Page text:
Southampton to hold dual special and state primary election Sept. 4

  • Southampton Town Hall, where voters will head to the polls on Sept. 4 for both a special election for Select Board and the state primary.  GAZETTE FILE PHOTO

  • Southampton Town Hall

Friday, June 08, 2018

SOUTHAMPTON — The town will hold a special election coinciding with the state primary on Sept. 4 to elect a member to the Select Board after an historic tie vote at the town election in May.

“The special election now starts the voting process all over again,” Town Clerk Janine Domina said.

Nomination papers will be available on July 3 and must be pulled by July 13. The deadline to file nomination papers with the Board of Registrars is four days later, on July 17, the same day the warrant for the town caucus will be posted.

The town will hold its caucus at 7 p.m. on July 24 at Town Hall and voters have until Aug. 15 to make sure they are registered for the special election, which will be held at Town Hall on Sept. 4 from 7 a.m. to 8 p.m.

At the town’s regular election in May, 638 residents cast votes for Select Board incumbent Charles Kaniecki. Another 638 cast their votes for Matt Roland, a challenger who works in health care and who has been vocal as a citizen about supporting the recently passed Proposition 2½ override to fund town services. The split vote was the first tie Town Administrator Ed Gibson said he’s seen.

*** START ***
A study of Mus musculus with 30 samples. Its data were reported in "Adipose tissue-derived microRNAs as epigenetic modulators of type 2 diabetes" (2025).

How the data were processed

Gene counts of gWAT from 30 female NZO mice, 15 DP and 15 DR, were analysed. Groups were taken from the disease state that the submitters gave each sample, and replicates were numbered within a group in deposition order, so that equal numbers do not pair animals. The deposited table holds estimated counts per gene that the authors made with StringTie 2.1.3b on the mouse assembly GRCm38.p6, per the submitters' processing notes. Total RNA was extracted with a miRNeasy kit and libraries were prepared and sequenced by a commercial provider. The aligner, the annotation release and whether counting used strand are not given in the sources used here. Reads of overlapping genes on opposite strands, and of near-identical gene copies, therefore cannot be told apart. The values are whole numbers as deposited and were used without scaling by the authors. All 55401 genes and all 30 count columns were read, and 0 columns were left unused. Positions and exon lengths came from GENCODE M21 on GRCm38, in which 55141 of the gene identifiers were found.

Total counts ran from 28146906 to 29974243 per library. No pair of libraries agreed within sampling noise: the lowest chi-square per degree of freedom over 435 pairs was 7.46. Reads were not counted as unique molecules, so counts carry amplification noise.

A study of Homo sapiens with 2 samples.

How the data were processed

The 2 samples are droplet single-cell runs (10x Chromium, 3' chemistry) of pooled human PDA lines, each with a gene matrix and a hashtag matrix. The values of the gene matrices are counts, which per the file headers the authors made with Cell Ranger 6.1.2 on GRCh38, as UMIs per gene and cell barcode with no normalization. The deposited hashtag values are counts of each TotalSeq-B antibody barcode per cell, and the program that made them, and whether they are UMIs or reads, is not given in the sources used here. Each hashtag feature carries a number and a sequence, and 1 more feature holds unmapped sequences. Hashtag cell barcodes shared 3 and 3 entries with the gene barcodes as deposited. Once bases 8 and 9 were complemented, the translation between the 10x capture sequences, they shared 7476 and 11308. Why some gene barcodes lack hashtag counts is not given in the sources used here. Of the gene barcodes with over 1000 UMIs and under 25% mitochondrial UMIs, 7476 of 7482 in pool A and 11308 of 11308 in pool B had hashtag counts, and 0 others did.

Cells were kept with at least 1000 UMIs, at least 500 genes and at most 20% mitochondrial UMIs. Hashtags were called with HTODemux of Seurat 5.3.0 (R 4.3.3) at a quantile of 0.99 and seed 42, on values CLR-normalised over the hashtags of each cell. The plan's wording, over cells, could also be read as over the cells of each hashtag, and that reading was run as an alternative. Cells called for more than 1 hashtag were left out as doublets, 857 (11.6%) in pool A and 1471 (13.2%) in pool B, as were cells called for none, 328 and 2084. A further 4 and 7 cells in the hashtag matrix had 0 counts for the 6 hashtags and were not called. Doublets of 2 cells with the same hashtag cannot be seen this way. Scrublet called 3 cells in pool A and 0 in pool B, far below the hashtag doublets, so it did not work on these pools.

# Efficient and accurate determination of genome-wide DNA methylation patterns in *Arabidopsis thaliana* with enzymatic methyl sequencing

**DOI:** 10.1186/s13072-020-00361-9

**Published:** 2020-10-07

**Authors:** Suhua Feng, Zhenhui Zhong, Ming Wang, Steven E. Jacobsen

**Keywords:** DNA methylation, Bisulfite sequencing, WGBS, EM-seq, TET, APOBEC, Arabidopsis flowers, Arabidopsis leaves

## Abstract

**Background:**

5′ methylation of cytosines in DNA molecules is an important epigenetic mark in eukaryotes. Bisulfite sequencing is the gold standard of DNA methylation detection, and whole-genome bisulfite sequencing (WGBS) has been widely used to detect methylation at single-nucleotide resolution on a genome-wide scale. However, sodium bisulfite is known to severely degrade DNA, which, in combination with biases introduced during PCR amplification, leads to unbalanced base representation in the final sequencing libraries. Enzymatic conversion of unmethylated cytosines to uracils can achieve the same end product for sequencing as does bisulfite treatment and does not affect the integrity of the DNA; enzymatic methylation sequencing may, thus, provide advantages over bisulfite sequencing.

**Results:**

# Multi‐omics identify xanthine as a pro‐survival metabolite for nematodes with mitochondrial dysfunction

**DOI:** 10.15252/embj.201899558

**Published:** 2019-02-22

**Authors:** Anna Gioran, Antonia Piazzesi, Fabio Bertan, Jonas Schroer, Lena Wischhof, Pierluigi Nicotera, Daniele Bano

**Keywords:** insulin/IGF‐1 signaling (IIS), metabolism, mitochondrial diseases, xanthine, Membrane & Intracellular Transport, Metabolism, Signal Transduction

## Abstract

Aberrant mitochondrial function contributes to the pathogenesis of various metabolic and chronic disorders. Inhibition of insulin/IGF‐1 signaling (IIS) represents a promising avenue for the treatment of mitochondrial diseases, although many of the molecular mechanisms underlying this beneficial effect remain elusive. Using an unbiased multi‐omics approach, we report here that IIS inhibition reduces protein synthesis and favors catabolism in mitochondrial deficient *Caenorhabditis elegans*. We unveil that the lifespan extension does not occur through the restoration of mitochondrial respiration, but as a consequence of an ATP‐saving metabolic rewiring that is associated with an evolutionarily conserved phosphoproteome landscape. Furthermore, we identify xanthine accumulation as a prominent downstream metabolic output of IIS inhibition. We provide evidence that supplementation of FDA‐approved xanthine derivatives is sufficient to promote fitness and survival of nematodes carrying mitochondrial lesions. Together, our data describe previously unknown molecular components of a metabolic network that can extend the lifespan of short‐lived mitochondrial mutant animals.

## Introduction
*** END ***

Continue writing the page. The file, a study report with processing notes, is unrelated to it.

Kaniecki and Roland said they plan to run for the Select Board seat again in the special election. Other residents are also able to join the race for the special election.

Domina told the Select Board Tuesday they had options to choose from for the special election. The board could schedule a special election with 65 days notice, at the earliest Aug. 14, or it could hold a dual election coinciding with the primary, pending approval by the state. If the board chose not to hold a special election at all, 200 voters could petition for one. 

Either way, Domina said, the special election would incur costs for the printing of ballots, payroll and paying a police officer for the day of voting. However, she said that planning a dual election with the primary would save the town around $750. The Select Board voted unanimously for the dual election on Sept. 4.

Gibson said Thursday that the state approved the dual election as long as the Select Board vote takes place on a separate ballot on different colored paper than the Democratic or Republican primary ballots. 

“We’ll also have two separate check-ins and two check-outs,” Domina said. “One for the local election and one for the primary party ballot.”

M.J. Tidwell can be reached at mjtidwell@gazettenet.com.